Whose Life are You Living?

“The mass of men lead lives of quiet desperation. What is called resignation is confirmed desperation. From the desperate city you go into the desperate country, and have to console yourself with the bravery of minks and muskrats.”

~ Henry David Thoreau (1817-1862),
American writer,
in Walden

 

Sometimes the lives we live – or don’t live – weigh heavily upon our souls. We feel alienated, bored, discontent, anxious, or depressed. It is then that we might be tempted to turn away from such pain by losing ourselves in mind-numbing distractions such as TV, the internet, or another glass of wine. On the other hand, we might instead turn off the distractions, turn towards our symptomatic pain, and listen to its potentially life-changing message.

“Whose life am I living?” “How much of the life that I am living is my own?” Questions such as these can befriend the pain. For the courtesy of listening, we might be surprised and set aright to learn that we are living lives which in whole or in part are not our own.

Yes, of course, it is I who awakens each morning, lives each day, as do you. But according to whose scripts do we live?

When we are young, we tend to live the scripts of our parents and childhood authorities. We enter adulthood tending to think as they think, believe as they believe. Were your parents progressive? If so, most likely you are progressive. Were they evangelical Christians? If so, then you most likely begin adulthood as an evangelical.

The issue of course is not how we think or believe, but rather that we come to our own thoughts and beliefs through the writing of our own scripts. Recently, for example, the gentle questions which I asked unnerved a 30-year-old man, lest he think differently from his evangelical Christian father. I would rather that he had met me with a firm conviction derived from his own soul’s searching for an answer to the Mystery in which we live. Whose life is he living?

Scripts are not the exclusive property of the young. As the young age into householders, they adopt social scripts appropriate to the duties of making a living and raising a family. Yet as the young leave the nest, the single mom’s depression may signal her child-raising script has been outlived, and her soul now urges her to consider, “How shall you now live a life of your own?”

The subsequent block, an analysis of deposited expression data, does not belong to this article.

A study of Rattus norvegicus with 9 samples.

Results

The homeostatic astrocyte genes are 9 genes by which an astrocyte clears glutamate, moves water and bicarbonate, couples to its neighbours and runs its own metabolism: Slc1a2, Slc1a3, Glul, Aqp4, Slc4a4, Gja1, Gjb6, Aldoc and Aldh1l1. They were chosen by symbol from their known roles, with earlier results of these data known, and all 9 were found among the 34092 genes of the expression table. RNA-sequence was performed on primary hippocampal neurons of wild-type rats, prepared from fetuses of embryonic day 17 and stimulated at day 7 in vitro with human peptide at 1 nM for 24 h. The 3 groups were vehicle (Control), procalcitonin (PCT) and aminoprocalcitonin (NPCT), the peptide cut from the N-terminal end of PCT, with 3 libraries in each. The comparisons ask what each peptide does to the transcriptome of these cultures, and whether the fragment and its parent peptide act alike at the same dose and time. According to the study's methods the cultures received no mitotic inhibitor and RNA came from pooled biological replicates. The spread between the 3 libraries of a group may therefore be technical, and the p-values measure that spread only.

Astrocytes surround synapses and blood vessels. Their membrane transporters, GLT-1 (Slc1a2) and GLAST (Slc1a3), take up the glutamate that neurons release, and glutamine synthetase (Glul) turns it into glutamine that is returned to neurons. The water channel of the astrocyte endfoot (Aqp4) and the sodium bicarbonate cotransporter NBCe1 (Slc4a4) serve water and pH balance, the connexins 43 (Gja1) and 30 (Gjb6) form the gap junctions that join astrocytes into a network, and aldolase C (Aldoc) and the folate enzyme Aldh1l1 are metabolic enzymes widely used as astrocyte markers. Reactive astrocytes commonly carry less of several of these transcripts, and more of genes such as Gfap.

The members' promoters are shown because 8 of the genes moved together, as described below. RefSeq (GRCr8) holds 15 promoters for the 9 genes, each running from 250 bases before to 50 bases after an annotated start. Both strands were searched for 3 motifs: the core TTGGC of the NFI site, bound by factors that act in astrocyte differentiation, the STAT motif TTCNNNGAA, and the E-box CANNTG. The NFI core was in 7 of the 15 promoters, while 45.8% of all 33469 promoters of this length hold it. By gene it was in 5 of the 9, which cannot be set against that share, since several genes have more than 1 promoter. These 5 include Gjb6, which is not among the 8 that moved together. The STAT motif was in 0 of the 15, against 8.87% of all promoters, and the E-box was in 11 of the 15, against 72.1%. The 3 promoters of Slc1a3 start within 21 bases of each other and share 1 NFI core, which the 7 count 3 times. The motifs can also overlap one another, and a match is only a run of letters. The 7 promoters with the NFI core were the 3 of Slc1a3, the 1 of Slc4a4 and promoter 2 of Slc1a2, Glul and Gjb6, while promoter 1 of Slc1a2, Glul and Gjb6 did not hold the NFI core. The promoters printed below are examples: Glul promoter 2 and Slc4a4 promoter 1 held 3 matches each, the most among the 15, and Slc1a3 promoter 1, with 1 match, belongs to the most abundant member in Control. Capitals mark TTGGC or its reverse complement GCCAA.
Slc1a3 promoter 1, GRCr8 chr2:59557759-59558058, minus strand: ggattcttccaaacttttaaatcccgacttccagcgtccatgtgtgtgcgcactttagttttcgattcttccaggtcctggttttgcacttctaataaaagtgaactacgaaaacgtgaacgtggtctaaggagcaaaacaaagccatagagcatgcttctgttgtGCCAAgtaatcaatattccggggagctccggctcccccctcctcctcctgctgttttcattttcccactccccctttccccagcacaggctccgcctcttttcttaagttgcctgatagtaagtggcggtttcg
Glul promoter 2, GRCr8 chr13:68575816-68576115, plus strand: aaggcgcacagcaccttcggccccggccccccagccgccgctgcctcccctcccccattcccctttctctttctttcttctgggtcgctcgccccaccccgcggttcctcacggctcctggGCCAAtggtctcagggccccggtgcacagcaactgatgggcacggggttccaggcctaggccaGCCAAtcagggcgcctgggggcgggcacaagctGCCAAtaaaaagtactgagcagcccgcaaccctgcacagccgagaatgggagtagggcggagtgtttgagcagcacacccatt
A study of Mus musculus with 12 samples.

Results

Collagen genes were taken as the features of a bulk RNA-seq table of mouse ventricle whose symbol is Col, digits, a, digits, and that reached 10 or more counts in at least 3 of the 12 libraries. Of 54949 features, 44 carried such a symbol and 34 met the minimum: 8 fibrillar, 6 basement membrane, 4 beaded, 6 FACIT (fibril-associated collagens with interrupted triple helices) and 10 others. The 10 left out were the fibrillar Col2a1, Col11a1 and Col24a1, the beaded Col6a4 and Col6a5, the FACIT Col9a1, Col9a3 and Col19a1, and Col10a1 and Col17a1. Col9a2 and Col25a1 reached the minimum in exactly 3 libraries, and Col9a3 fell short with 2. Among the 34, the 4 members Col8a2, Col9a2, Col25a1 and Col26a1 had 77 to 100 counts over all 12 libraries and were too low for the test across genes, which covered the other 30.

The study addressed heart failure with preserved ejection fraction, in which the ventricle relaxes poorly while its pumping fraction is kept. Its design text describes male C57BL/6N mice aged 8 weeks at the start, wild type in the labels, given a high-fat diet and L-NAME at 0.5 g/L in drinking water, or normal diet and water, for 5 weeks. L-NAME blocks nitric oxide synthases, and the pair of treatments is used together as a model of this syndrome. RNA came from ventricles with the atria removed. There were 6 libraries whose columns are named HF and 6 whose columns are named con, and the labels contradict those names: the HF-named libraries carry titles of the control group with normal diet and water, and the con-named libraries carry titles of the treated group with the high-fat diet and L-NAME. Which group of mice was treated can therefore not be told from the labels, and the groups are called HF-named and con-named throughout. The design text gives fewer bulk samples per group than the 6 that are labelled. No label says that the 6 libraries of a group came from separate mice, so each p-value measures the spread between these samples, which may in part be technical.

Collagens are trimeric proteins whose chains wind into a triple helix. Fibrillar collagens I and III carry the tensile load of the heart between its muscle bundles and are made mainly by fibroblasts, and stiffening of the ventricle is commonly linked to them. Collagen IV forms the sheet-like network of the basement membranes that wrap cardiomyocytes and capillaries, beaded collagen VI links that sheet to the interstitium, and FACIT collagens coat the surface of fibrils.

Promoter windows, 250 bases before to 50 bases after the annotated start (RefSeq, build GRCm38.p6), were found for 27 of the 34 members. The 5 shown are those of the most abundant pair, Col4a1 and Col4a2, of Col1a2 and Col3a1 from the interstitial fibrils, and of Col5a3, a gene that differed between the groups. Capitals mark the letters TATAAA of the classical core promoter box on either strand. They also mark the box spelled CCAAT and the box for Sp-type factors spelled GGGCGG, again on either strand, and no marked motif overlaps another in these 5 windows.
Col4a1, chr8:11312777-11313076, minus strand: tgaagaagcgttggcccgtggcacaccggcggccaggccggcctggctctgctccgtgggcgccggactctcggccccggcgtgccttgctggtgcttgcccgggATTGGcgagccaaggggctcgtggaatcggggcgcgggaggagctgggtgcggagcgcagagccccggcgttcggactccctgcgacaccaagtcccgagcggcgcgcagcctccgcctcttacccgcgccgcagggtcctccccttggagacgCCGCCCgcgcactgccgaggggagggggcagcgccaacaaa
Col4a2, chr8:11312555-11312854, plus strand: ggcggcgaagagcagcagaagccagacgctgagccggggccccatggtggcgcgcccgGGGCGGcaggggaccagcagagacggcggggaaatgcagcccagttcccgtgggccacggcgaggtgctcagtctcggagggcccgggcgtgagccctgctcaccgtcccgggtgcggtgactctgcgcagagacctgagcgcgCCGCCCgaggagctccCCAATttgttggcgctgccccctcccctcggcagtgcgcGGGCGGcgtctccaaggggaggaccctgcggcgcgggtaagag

As we continue well into middle-age, and the reality of mortality becomes more apparent than the seeming immortality of youth, the householder scripts wear thin. The existential boredom of the successful business man who so unnecessarily continues to wrap his life up in 80-hour weeks may signal the soul’s yearning to discover and live it’s own unique meaning.

The psyche (Greek for “soul”) does have an agenda: that we discover, articulate, and contribute to our community’s diversity the unique, authentic, individuality that we bring into existence. When we do not, the symptoms of soul-sickness arise which as the Persian poet, Rumi, notes are messengers (see “Turning Psychological Pain into Sweetness”)

Whether young or old, we may relieve our souls of the desperation of living a life which is not our own by also asking of ourselves a question suggested by Jungian analyst and writer, James Hollis. Hollis suggests that we ask of every situation, every role, every decision we face, “Does this way make me larger or smaller?” Living so, we need not comfort ourselves with the bravery of minks, muskrats, or role-playing computer games.

Whose life are you living? Are you living in a way that makes you larger or smaller?